I never saw them take a night off. Because of the grinding travel schedule, and maybe because of extracurricular activities that came to light after Johnson's HIV diagnosis, they weren't always sharp in every game. But I never thought it was because of a lack of effort.
After The Times' Steve Springer, covering for the Orange County Register at the time, beat McAdoo in table tennis one night in Richfield, Ohio, McAdoo bought a Ping-Pong table for the game room in his apartment complex in West L.A. and practiced all summer for a rematch.
McAdoo was derided in Boston for not playing the Celtic way, but he was a determined Laker, never backing down from anything. He was so convinced that he was the best player on the team in every sport, from bowling to yachting, that Johnson once said, "Anything you do, Doo do better."
Phil Jackson got the better of Riley when they were rival coaches in the Eastern Conference. But Jackson's Chicago Bulls had Michael Jordan and Scottie Pippen and Riley's New York Knicks had Patrick Ewing and John Starks. I'd like to see Riley against Jackson in a fair fight.
To Riley's credit, even after he was promoted from assistant to head coach 12 games into the 1981-82 season, he defended Westhead. Riley appreciated Westhead's offense, believing the Lakers needed to learn it in case they found themselves mired in a half-court game, as they had the season before in losing a first-round playoff series against Houston.
Riley installed the offense before the playoffs in '82, but in bits and pieces instead of all at once so that the players hardly cared or even noticed.
Referring to the short time Riley had spent as a sidekick to Chick Hearn, Larry Brown said in '82 that coaches should be embarrassed because "a broadcaster" had won the title.
That was as unfair as any comment I've ever heard. I'm not sure when Riley ever slept. When he wasn't watching films after games, he was on the phone with his psychologist-wife, Chris, talking about his relationship with his players. They had a lot to talk about.
Nixon was the most tempestuous player and frequently challenged Riley. I asked Riley once why he put up with it.
"Because if I break him in the locker room, I might break him on the court," Riley said. "I don't want to do that."
Nixon is still dogged. I saw him a couple of years ago at the Kentucky Derby and, 17 years after the fact, he asked me why I'd written that the Lakers had done the right thing in trading him for Byron Scott in 1983.
Because Nixon's best position was point guard, where the Lakers had Johnson, and because his knees were almost shot. Scott was a young off-guard. But I conceded that the Lakers probably wouldn't have lost in the 1984 Finals against Boston if Nixon had been there with his experience and fire. Then again, maybe they wouldn't have won in '85 if not for Scott's outside shooting.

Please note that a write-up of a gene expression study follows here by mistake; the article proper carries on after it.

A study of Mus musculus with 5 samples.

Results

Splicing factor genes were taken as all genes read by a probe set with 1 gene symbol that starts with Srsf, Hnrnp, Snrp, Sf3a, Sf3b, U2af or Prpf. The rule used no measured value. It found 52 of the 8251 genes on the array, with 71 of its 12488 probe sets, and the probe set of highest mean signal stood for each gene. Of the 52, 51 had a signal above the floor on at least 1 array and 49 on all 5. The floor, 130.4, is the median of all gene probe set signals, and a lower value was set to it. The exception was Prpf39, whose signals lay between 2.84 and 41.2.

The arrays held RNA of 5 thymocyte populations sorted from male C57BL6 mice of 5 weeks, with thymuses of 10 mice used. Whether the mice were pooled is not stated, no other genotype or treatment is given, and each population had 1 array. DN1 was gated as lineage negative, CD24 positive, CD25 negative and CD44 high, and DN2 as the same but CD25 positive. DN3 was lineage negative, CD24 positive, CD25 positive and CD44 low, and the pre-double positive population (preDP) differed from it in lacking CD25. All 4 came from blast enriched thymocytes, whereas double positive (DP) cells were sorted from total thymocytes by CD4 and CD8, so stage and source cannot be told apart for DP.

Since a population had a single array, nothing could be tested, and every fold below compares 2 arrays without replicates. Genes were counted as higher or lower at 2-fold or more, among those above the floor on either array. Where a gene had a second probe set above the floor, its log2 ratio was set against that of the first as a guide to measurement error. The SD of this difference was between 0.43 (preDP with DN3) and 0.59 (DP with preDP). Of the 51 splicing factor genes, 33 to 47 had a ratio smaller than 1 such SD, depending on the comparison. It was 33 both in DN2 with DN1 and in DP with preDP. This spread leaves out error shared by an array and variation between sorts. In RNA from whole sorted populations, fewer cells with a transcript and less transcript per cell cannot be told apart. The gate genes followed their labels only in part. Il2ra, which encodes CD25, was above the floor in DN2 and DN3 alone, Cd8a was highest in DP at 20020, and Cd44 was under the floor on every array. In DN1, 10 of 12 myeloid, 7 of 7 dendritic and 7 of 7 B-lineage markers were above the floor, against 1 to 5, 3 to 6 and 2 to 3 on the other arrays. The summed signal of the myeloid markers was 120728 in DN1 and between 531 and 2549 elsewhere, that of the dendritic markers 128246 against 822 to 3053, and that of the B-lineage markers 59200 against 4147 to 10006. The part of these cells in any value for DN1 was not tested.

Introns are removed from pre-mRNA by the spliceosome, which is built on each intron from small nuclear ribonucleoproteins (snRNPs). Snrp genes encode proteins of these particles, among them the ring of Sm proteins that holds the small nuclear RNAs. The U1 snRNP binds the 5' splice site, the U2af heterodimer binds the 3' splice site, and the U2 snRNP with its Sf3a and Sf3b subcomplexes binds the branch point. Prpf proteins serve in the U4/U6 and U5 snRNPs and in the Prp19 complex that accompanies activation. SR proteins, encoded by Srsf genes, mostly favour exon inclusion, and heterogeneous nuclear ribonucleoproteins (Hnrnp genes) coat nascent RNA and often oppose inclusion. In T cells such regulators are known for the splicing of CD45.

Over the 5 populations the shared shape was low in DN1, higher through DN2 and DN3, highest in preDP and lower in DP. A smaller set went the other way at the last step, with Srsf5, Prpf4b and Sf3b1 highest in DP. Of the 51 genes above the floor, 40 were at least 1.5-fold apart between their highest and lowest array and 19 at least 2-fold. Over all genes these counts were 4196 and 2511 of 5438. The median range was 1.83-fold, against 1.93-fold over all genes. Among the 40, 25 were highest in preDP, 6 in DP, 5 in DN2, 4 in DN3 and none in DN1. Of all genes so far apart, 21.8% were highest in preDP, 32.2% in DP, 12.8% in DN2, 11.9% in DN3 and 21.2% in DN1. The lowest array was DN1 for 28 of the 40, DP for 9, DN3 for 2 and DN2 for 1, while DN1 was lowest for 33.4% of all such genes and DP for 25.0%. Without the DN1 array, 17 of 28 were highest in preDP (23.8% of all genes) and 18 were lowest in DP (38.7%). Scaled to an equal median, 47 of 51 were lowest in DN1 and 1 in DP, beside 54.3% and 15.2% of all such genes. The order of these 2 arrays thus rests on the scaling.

If the Rileys' phone bills were exorbitant, no doubt it was because they spent so much time discussing Cooper.
He didn't mind coming off the bench, as long as he knew he was going to get his minutes. Once, when he didn't during the first half of a game in Detroit, he told Springer and me that he wanted to talk to us immediately after the game.
But by the time we got to his locker, the trainer, Jack Curran, had already talked him off the ledge.
"I'm just ... hey, Jack, what's that word you used?" Cooper said, yelling across the room to Curran.
"Paranoid," Curran said.
"Yeah," Cooper said, "paranoid."
He remains the only Laker ever voted defensive player of the year. The only shooting guard or small forward he couldn't guard was Walter Davis.
After a playoff game once in Phoenix, Riley congratulated Cooper on the game he'd had against Davis.
"But Pat," I said, "you had Nixon on Davis most of the game."
"Yeah," Riley said, winking, "but Coop doesn't know that."
Levin used to carry a screw with him. When Cooper would start on one of his rants, Levin would dig into his pocket, pull out the screw and say, "Coop, here's your loose screw."
One thing that both L.A. Laker dynasties had going for them--besides Hearn--was that Jerry West built them. Now that he's gone to Memphis, you have to wonder if there will be a Mitch Kupchak dynasty.
If there isn't, it won't be because Kupchak is less committed to winning. I'll never forget the '85 Finals, when Kupchak, by then a slow and earthbound but gritty reserve power forward, was knocking Celtics all over the parquet floor.
"Mitch, what are you doing?" an exasperated Kevin McHale asked him at one point in a game in Boston.
Bird was disgusted by the question because the answer was so obvious to him.
"He's playing for the championship," Bird said.